On August 27, 2013, the New Jersey Appellate Division addressed an issue of first impression in the State of New Jersey, and perhaps the nation. Specifically, in Kubert v. Best, a unanimous court found that a person who texts someone that is driving can be held liable for personal injuries sustained by others who are involved in an accident with the recipient driver.
Although the Kubert court refuted that it was opening the floodgates to litigation against remote texters because the duty is limited to situations where the remote texter knows or has reason to know that recipient is driving and likely to read the text while operating his vehicle, it is nevertheless anticipated that plaintiffs’ attorneys will attempt to pursue such a claim where the recipient driver has a limited policy.
In Kubert, a driver and passenger of a motorcycle each lost a leg as a result of collision with a vehicle driven by an 18-year-old driver, Kyle Best. Best had crossed the center line of the road, and struck the plaintiff’s motorcycle head on because he was distracted by a text he received from his 17-year-old girlfriend, Shannon Colonna, immediately prior to the accident.
It was undisputed that Best had violated New Jersey’s prohibition against texting while driving. Therefore, a settlement was reached between the plaintiffs and Best. However, plaintiffs subsequently brought suit against Colonna upon the basis that she aided and abetted Best’s unlawful texting. Plaintiffs alternatively argued that Colonna had an independent duty to avoid texting a person who was driving a motor vehicle. Colonna interposed a motion for summary judgment upon the basis that she was not present in the vehicle when the accident occurred, and therefore was unaware that Best was driving at the time he received her text.
The trial court granted Colonna’s motion for summary judgment and the Appellate Division affirmed. The Appellate Division agreed that there was insufficient evidence that Colonna was aware that Best was driving at the time they exchanged texts. However, the Appellate Division rejected the defendant’s claim that a sender of a text never has a duty to avoid texting a person driving a vehicle.
Rather, after conducting a “full duty analysis,” the Appellate Division concluded that a sender of a text “may” be liable if he “knew or had special reason to know that the driver would read the message while driving and would thus be distracted from attending to the road and the operation of the vehicle.”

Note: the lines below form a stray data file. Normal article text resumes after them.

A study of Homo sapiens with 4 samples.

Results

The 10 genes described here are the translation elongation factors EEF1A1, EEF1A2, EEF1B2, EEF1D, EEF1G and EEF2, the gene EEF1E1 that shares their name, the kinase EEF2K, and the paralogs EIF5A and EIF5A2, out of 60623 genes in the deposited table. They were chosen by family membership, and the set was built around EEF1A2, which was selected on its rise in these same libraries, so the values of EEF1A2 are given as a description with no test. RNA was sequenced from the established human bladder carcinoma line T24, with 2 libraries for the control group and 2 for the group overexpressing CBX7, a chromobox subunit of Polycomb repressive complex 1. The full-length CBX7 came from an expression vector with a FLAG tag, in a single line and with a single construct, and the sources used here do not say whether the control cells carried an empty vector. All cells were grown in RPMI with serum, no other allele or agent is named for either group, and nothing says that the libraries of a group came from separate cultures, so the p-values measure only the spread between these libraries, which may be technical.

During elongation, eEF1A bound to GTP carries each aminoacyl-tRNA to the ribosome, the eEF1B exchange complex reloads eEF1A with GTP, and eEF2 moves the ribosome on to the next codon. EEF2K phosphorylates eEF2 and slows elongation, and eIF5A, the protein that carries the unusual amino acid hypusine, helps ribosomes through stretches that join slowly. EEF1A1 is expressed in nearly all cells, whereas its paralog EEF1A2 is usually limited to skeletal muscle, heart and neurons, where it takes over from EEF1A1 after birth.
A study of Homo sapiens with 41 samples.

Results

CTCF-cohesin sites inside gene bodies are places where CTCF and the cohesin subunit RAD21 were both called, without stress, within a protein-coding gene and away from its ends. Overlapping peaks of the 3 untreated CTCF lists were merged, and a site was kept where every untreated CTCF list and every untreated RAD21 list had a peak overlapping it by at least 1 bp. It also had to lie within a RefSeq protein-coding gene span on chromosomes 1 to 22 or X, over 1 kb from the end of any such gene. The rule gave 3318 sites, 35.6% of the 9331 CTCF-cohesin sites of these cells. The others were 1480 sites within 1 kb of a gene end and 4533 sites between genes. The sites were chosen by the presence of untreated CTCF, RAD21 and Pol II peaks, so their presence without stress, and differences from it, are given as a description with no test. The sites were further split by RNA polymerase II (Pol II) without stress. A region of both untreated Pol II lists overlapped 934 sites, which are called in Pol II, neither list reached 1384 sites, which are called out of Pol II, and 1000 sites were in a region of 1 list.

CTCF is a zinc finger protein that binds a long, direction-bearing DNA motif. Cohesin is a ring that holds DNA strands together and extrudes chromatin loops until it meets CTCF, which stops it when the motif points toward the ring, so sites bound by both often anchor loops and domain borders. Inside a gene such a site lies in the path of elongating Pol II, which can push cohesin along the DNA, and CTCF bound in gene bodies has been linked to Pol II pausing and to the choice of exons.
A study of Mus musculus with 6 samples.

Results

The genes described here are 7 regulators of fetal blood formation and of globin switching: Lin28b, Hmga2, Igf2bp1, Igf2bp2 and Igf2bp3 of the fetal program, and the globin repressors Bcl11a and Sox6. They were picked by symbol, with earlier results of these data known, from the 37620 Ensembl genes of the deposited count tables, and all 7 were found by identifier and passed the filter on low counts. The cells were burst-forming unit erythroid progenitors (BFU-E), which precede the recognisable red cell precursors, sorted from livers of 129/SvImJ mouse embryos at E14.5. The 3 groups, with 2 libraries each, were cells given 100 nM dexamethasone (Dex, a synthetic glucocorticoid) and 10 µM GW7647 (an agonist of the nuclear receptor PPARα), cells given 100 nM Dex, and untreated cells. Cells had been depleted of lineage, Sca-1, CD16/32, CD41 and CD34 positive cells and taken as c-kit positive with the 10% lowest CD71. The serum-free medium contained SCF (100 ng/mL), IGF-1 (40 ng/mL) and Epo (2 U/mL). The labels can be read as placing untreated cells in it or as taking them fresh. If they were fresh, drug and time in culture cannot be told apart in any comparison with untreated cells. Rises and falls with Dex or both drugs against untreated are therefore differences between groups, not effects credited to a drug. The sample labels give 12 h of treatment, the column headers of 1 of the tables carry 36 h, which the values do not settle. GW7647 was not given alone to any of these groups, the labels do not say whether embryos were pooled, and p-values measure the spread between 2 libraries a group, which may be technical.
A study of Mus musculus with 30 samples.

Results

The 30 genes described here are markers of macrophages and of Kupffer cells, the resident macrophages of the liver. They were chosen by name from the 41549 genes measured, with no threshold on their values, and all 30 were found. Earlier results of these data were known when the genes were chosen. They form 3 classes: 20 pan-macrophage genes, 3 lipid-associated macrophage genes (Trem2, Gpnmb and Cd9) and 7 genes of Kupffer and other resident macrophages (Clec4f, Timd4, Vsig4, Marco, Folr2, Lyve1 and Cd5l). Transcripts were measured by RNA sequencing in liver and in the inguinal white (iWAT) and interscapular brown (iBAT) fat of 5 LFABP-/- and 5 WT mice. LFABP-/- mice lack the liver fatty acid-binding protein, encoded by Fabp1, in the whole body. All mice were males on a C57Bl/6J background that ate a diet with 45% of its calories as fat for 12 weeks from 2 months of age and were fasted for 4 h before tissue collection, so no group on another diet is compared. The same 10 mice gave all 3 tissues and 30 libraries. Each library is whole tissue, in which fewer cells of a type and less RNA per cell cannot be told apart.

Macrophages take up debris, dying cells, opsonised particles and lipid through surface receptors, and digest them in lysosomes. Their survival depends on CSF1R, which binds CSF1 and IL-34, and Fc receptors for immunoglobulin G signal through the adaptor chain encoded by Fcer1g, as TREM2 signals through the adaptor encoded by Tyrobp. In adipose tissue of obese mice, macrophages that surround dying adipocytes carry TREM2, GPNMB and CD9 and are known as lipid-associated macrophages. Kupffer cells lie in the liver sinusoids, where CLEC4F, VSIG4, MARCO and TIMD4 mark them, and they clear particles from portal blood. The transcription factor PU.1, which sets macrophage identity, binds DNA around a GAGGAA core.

In reaching this determination, the dourt noted that neither New Jersey nor any other jurisdiction has dealt with this issue. Therefore, the court relied on several New Jersey cases wherein passengers of motor vehicles were held liable for accidents because they either encouraged the drivers to violate the law or failed to warn others that the driver was violating the law (e.g., drinking while intoxicated).
The court cautioned that its decision should not be construed to mean that “the mere sending of a wireless transmission” is enough to impose liability. Rather, the court emphasized that it must shown that the remote sender knew or had reason to know that the recipient was driving and likely to read the text message while driving. The court reasoned that this limitation is warranted because “the sending of a text message by itself does not demand that the recipient take action.” Stated differently, “it is the primary responsibility of the driver to obey the law and to avoid distractions.”
In short, although Kubert has given rise a to a “new” duty against remote texters in New Jersey, as indicated by Judge Espinosa in his concurring opinion, “the bar set by the majority for the imposition of liability is high and will rarely be met.” That is because it will be extremely difficult to prove that the sender knew or had reason to know that the driver was going to violate his duty to avoid distractions, such as text messages received while operating a motor vehicle.